I realize that this isn’t Virginia history exactly, but the Washington Post reports this morning on a recently discovered cache of unknown letters by, to, and about Benjamin Franklin.
The sensational find, announced in the upcoming issue of the William & Mary Quarterly, centers on Franklin’s interactions with Gen. Edward Braddock after he and his soldiers arrived on the banks of the Potomac and during their disastrous march to the Forks of the Ohio in 1755. The discovery not only adds texture to a key chapter in early American history, but it also raises the question of what else about the founding generation might be lurking out there, overlooked or miscategorized in a library, or perhaps stashed in an archive in some distant land.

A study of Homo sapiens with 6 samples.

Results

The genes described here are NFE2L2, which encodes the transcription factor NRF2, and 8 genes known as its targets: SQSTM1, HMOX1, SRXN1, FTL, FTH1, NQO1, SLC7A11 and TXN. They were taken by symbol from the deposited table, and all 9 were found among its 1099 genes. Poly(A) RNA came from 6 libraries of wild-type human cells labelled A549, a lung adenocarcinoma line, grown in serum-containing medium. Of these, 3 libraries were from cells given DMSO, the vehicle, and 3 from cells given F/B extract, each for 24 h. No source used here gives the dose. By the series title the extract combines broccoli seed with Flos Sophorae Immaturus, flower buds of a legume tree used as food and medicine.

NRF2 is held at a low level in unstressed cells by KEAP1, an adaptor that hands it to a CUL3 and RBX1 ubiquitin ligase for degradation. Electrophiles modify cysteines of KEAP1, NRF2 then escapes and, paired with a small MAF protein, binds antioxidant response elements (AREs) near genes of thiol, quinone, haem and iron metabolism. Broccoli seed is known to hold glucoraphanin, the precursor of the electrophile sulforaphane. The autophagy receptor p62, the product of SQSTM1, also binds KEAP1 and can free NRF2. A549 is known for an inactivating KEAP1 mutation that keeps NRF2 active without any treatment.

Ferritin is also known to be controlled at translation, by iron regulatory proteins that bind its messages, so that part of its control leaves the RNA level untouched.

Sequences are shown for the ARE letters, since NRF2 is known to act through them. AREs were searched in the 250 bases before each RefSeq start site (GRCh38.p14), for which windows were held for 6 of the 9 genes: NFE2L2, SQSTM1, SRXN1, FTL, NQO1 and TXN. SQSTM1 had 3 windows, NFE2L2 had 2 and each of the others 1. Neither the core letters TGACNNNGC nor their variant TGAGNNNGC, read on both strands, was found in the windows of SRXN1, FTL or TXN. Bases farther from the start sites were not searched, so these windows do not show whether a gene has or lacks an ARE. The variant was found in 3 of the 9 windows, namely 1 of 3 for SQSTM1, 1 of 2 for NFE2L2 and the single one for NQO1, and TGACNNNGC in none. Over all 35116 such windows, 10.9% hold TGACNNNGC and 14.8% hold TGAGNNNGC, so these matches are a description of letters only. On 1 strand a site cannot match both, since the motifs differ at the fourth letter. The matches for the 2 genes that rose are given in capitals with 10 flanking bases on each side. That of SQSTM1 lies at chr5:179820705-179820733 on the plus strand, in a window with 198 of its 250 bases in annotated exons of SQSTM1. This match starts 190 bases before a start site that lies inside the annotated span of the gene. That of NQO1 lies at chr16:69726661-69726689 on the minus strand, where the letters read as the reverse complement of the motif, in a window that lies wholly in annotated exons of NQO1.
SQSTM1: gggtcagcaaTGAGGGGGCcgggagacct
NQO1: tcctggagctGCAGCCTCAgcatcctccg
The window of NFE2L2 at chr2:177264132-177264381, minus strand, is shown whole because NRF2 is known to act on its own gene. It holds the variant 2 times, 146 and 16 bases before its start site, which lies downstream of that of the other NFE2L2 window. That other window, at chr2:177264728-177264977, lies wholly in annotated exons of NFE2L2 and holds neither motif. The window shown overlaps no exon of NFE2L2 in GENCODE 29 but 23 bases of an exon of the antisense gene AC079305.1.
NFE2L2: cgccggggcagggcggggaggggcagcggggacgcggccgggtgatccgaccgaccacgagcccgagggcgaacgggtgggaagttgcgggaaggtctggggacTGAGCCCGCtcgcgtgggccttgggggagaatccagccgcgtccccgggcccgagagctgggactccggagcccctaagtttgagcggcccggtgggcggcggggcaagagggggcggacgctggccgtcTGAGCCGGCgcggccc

You can find WMQ online here. (Encyclopedia Virginia has no entry for the publication, but we have written about the William and Mary Review.) The guest editor of the issue in which the Franklin article will appear is Scott Casper, a former fellow at the Virginia Foundation for the Humanities and author of Sarah Johnson’s Mount Vernon, which looks at life at the famous Washington homestead through the lens of an enslaved woman.
Speaking of which, you may have seen that the Hemingses of Monticello by Annette Gordon-Reed won a Pulitzer Prize this week. In his review for the William & Mary Quarterly, Edward Countryman calls it “the Jefferson book for the Obama era,” which is sort of vague but probably means to suggest that Gordon-Reed has important things to say about race. “The book,” Countryman writes, “is about the malign absurdities of slavery, about one most unusual plantation complex, and about sex, naivete, opportunity, choices, and limits in the founding era of the United States.”